A group of military spouses is taking on the issue of the quality of education in schools, promoting Common Core State Standards as the best chance to raise the bar for military children — and all children.
Fifteen people, including primarily spouses of active-duty and retired service members from all branches of service, have launched Military Families for High Standards. Active-duty members and government civilians are also part of the group.
"It's a wonderful opportunity to organize military spouses to support the kind of educational opportunities their children deserve," said Christi Ham, chairwoman of the organization. A former teacher, she has moved 26 times over the 38-year military career of her husband, retired Army Gen. Carter Ham. Their two children are grown, with children of their own.
Military Families for High Standards contends that the Common Core will bring high consistent standards that ensure students can transfer easily from one school to another without penalty.
On the average, military families move six to nine times during a child's K-12 education. In some cases, military students find themselves in a new school where they may be bored because they've already learned the material. In others, they may struggle to catch up to the grade level.
Common Core State Standards were developed by state education chiefs and governors as a set of college- and career-ready standards for students in kindergarten through 12th grade in math and language arts. The standards have been adopted by 43 states, the District of Columbia and the Department of Defense Education Activity. DoDEA is in the process of transitioning to Common Core, which it calls "College and Career Ready Standards," over the next five years.
The Common Core standards have been controversial, with critics saying it doesn't guarantee improvements in testing and takes away control from states. Some states have rescinded their previous adoption of Common Core; others have made revisions. Some candidates in this year's presidential election have talked about ending Common Core.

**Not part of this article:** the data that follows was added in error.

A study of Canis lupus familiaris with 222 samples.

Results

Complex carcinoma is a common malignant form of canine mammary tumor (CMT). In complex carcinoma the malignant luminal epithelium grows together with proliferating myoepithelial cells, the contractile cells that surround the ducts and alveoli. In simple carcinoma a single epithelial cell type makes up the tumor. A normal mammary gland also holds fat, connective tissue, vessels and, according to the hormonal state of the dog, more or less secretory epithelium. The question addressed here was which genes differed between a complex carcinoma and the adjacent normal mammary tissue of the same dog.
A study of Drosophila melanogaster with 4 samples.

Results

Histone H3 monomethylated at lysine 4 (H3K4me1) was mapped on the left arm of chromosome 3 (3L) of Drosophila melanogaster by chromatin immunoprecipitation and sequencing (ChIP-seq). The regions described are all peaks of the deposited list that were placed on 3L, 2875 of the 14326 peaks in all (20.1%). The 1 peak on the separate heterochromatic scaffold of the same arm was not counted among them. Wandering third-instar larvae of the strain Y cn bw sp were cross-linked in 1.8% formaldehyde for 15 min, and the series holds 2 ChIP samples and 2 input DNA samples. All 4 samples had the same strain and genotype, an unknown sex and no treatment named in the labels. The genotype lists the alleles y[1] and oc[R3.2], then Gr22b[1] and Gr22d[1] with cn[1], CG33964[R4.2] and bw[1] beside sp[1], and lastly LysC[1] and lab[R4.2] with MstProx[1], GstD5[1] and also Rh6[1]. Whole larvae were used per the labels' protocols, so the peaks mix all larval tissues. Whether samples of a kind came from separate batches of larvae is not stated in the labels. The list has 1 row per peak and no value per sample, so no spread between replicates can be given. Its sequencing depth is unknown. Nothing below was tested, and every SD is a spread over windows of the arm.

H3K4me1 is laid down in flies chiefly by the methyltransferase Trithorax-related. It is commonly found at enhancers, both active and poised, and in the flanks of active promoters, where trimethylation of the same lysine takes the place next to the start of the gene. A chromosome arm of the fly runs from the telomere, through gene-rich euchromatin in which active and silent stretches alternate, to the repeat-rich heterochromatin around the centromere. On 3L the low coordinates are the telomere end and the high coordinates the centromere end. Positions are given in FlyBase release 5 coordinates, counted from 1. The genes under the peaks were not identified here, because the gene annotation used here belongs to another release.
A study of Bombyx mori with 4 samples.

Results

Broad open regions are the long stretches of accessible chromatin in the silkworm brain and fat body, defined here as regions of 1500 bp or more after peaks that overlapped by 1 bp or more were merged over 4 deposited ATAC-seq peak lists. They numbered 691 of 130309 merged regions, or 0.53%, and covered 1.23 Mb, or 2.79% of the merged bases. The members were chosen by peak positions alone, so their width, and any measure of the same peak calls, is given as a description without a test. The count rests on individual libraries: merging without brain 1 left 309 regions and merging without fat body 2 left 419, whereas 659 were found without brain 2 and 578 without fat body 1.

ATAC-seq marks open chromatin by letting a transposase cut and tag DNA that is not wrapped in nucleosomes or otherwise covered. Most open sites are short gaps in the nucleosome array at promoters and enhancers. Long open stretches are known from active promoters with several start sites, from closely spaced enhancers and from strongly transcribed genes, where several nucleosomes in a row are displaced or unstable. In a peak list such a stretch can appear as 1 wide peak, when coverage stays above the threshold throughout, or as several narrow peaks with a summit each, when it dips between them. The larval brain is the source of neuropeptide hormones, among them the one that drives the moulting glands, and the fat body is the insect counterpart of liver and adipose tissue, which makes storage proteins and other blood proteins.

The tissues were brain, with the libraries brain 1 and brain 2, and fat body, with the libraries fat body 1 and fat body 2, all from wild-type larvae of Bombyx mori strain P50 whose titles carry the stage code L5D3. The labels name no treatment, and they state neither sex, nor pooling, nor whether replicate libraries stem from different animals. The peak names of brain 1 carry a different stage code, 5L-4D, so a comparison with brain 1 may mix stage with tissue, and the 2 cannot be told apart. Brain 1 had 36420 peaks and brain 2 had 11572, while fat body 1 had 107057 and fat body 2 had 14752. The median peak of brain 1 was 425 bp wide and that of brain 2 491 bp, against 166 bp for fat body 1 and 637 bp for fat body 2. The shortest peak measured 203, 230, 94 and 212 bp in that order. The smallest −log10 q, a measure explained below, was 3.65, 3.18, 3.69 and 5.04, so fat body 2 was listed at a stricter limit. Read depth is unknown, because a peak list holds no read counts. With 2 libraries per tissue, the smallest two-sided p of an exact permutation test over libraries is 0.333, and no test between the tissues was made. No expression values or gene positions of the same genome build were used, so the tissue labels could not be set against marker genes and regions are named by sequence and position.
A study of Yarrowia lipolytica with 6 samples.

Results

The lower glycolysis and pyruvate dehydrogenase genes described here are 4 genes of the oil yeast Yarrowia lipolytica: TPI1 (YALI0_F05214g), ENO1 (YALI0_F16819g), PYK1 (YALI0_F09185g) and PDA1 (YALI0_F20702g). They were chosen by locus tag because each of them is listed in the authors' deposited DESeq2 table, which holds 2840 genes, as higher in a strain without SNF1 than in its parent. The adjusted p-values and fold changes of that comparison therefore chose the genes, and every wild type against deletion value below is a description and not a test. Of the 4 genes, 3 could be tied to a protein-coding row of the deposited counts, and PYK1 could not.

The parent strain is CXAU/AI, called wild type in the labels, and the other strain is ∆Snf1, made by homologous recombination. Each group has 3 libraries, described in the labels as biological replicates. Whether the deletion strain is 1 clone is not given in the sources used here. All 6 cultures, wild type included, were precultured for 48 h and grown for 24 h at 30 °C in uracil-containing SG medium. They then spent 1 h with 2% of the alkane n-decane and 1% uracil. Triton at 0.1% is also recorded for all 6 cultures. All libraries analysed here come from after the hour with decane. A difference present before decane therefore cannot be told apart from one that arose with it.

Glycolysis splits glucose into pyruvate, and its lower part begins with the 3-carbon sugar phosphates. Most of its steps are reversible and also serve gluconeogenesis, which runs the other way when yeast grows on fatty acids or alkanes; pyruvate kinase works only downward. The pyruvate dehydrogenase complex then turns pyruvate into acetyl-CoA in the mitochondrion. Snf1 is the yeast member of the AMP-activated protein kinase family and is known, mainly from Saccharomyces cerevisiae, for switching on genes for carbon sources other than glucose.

Ham said she has met with mixed reaction in the military community but has found that people are more than willing to listen. She said it's an important step that DoDEA has adopted the Common Core standards.
Military parents have long complained about the quality of local schools in some areas. There have been efforts to address some issues, including the work of the Military Child Education Coalition in providing resources and support systems for military students, parents, commands and the schools that educate those children.
And all 50 states have adopted the Interstate Compact on Educational Opportunity for Military Children. Through the compact, the states aim to smooth out administrative issues involved in moving from one school to another — such as differing graduation requirements, transfer of credits, and eligibility for extracurricular activities. A commission oversees the effort.
But the compact doesn't address the quality of education.
Ham said the nonprofit Collaborative for Student Success, which promotes Common Core, approached her with information about how military children could benefit from consistent standards in education, and sought her support.
In deciding to form the new organization and a partnership with the Collaborative, she thought of all the military parents who have expressed concerns to her about their children's education over the years. Ham said when her own family found the quality of schools was lacking, their alternative was Catholic schools.
Military Families for High Standards will be speaking out about the challenges military families face and how these high standards could make it easier for military children.
While military families can't necessarily influence their civilian officials in terms of education policies, those who do have control of education often listen to the concerns of parents, teachers, and students in their communities, she said.
Karen has covered military families, quality of life and consumer issues for Military Times for more than 30 years, and is co-author of a chapter on media coverage of military families in the book "A Battle Plan for Supporting Military Families." She previously worked for newspapers in Guam, Norfolk, Jacksonville, Fla., and Athens, Ga.